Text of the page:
Book Bash

A love of reading doesn’t have to mean loneliness with these literary events

10×10. In honor of the 10th anniversary of the Vegas Valley Book Festival, the best of Las Vegas’ visual artists and writers—those whose work is particularly influenced by Southern Nevada—engage in a creative collaboration at the Clark County Government Center Rotunda for an evening of literary and imagistic synergy. Art inspired by prose and vice versa? You bet. Should make for a fascinating evening, especially if artists such as renowned installationist Erin Stellmon are involved. The show runs Oct. 24-Dec. 2, but don’t miss the launch party. Reception: 6 p.m. Nov. 4, Clark County Government Center Rotunda, 500 S. Grand Central Parkway, free.

Adult Storytime. Come enjoy squirm-worthy honesty as you listen to seven raconteurs tell unscripted, first-person and, above all, true bar stories in the latest installment of The Tell. While you absorb the ancient artform, sip on cocktails made to match the stories. Hosted and produced by Dayvid Figler and sponsored by Vegas Seven and the Vegas Valley Book Festival. 7 p.m. Oct. 14 at Artifice, 1025 S. First St., $5,

Killercon. The horror-writing boom continues to explode with vampire, zombie and other frightful tales. Today’s best horror scribes are gathering at the Stratosphere for a pre-Halloween convention. Brian Keene (The Rising), Wrath James White (The Resurrectionist) and Ray Garton (Live Girls) are just a few of the exceptional authors you can meet. Fledgling horrorists should register for the event to meet agents and editors in the dealer’s room or during the scary-good programming. Program begins 10 a.m. every day, Sept. 23-25 (Welcome Party 9 p.m. Sept. 22), Stratosphere,, $25-$125.

Seduction of the Innocent: A Visual Exploration of Banned Comics. So Sept. 24 to Oct. 1 is Banned Books Week, which reminds us that before hard-core rap and violent video games, comics troubled to the parents of middle America. This exhibit of (reproductions of) comic-book covers and original art tells the story of comic censorship. You may be surprised to learn comics are still censored today. Compelling stuff, and this party is gonna rock. Launch party 6 p.m. Sept. 30, through Oct. 29, Barrick Museum, UNLV campus, 895-3381, free.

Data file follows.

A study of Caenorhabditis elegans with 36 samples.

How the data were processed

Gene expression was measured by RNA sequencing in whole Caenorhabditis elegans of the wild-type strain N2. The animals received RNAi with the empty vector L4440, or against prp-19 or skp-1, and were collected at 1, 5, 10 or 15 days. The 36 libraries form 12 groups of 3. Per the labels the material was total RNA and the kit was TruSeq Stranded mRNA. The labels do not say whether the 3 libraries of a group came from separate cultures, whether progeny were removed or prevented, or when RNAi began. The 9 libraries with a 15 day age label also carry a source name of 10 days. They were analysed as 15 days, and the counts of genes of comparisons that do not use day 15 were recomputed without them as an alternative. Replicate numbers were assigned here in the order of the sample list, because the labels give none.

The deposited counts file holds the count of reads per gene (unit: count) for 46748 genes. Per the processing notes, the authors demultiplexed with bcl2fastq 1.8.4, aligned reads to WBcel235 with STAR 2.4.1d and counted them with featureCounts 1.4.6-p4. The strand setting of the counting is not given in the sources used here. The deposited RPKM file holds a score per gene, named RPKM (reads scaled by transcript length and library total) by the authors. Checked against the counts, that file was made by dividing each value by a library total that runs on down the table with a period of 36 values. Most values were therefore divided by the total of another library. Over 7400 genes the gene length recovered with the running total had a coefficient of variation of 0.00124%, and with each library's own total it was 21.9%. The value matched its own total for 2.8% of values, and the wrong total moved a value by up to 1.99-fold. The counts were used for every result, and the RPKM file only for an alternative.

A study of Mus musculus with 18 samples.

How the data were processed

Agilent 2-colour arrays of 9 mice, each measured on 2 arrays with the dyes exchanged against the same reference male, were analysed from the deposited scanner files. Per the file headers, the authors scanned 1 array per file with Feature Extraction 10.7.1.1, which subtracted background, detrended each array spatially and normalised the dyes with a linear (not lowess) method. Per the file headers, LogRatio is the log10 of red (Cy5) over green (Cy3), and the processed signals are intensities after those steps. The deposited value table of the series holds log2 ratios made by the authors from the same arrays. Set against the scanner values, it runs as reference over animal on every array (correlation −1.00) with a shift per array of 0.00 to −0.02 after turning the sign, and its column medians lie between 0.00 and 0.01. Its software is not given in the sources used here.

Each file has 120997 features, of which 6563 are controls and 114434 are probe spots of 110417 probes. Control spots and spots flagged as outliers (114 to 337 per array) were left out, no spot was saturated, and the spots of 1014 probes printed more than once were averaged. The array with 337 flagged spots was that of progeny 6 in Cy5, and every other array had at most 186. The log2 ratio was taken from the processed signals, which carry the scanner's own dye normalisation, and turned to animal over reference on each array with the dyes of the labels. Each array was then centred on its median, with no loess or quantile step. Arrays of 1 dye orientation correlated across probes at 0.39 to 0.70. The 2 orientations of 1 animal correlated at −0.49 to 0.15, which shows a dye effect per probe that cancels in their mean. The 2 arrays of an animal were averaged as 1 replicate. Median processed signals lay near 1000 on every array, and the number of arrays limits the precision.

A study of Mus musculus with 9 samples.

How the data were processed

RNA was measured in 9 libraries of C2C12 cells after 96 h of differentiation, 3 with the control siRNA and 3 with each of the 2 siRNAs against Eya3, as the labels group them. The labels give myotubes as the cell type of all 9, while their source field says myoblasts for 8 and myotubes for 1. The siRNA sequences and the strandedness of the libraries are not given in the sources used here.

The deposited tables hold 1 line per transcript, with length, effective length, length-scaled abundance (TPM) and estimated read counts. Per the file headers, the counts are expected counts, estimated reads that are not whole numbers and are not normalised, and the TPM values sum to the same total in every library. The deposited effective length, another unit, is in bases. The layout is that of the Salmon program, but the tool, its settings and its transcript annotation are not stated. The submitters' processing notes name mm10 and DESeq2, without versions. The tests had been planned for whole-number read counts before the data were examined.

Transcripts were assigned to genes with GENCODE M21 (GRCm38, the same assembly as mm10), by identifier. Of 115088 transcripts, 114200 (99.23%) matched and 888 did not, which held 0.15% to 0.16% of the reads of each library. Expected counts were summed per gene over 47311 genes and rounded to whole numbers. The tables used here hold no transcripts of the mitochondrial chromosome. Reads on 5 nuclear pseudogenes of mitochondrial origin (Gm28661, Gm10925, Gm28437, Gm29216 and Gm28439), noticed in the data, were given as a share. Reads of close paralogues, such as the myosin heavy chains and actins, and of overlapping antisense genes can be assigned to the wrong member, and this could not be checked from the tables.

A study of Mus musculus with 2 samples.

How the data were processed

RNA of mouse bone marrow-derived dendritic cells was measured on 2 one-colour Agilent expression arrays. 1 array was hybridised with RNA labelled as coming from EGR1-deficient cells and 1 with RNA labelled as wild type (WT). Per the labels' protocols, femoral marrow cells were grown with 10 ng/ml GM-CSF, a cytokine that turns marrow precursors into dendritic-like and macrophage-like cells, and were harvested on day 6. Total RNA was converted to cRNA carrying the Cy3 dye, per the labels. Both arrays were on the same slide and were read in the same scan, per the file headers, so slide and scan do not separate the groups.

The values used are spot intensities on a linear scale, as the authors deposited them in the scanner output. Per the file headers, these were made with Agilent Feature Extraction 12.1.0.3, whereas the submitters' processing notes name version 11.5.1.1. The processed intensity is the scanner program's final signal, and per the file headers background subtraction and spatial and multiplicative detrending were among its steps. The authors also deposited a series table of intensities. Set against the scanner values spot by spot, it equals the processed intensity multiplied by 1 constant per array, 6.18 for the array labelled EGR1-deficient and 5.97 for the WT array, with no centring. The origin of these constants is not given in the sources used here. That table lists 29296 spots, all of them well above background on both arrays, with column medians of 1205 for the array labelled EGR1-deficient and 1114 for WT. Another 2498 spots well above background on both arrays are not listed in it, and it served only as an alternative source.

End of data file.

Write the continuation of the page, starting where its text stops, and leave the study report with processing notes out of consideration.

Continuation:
Vegas Valley Book Festival. The father of the modern zombie novel, Max Brooks (he wrote mega-bestseller World War Z, soon to be a movie starring Brad Pitt), is the keynote speaker and author (7 p.m. Nov. 3, Clark County Library Main Theater). Which means this year’s event will be jam-packed and jamming. Also look for a flash-fiction writing contest, a session on bookmaking, a Harry Potter “lab notes” workshop, and a musical performance by Grammy nominee Justin Roberts and The Not Ready for Naptime Players. This one has it all. Programming starts at 10 a.m. daily, Nov. 3-5, various venues,, free.

Vegas Valley Comic Book Festival. If books are too highbrow, try ones with pictures. The medium of sequential art (a fancy term for “comic books”) will be displayed, discussed and shared at the Clark County Library. Meet writers (Paul Tobin), artists (Katie Cook), and comic-book nerd-rock bands (Kirby Krackle) to celebrate everything cool about this oft-dismissed art form. 10 a.m. Nov. 5, Clark County Library, 401 E. Flamingo Road, 505-3459,, free.


Movie Review

30 Minutes or Less

By Tribune Media Services

Fast, cheap and out of control, director Rube Fleischer’s film doesn’t even crack the 84-minute mark. Roughly half of this film works a lot better than the other half. Nick (Jesse Eisenberg) is a pizza delivery guy who gets pulled into a tangled web of bank robbery and murder by Dwayne (Danny McBride). For most of the film, Nick runs around with explosives strapped to his chest, breaking the law with his buddy Chet (Aziz Ansari). The movie is sharp enough, but uneven. The laughs are there.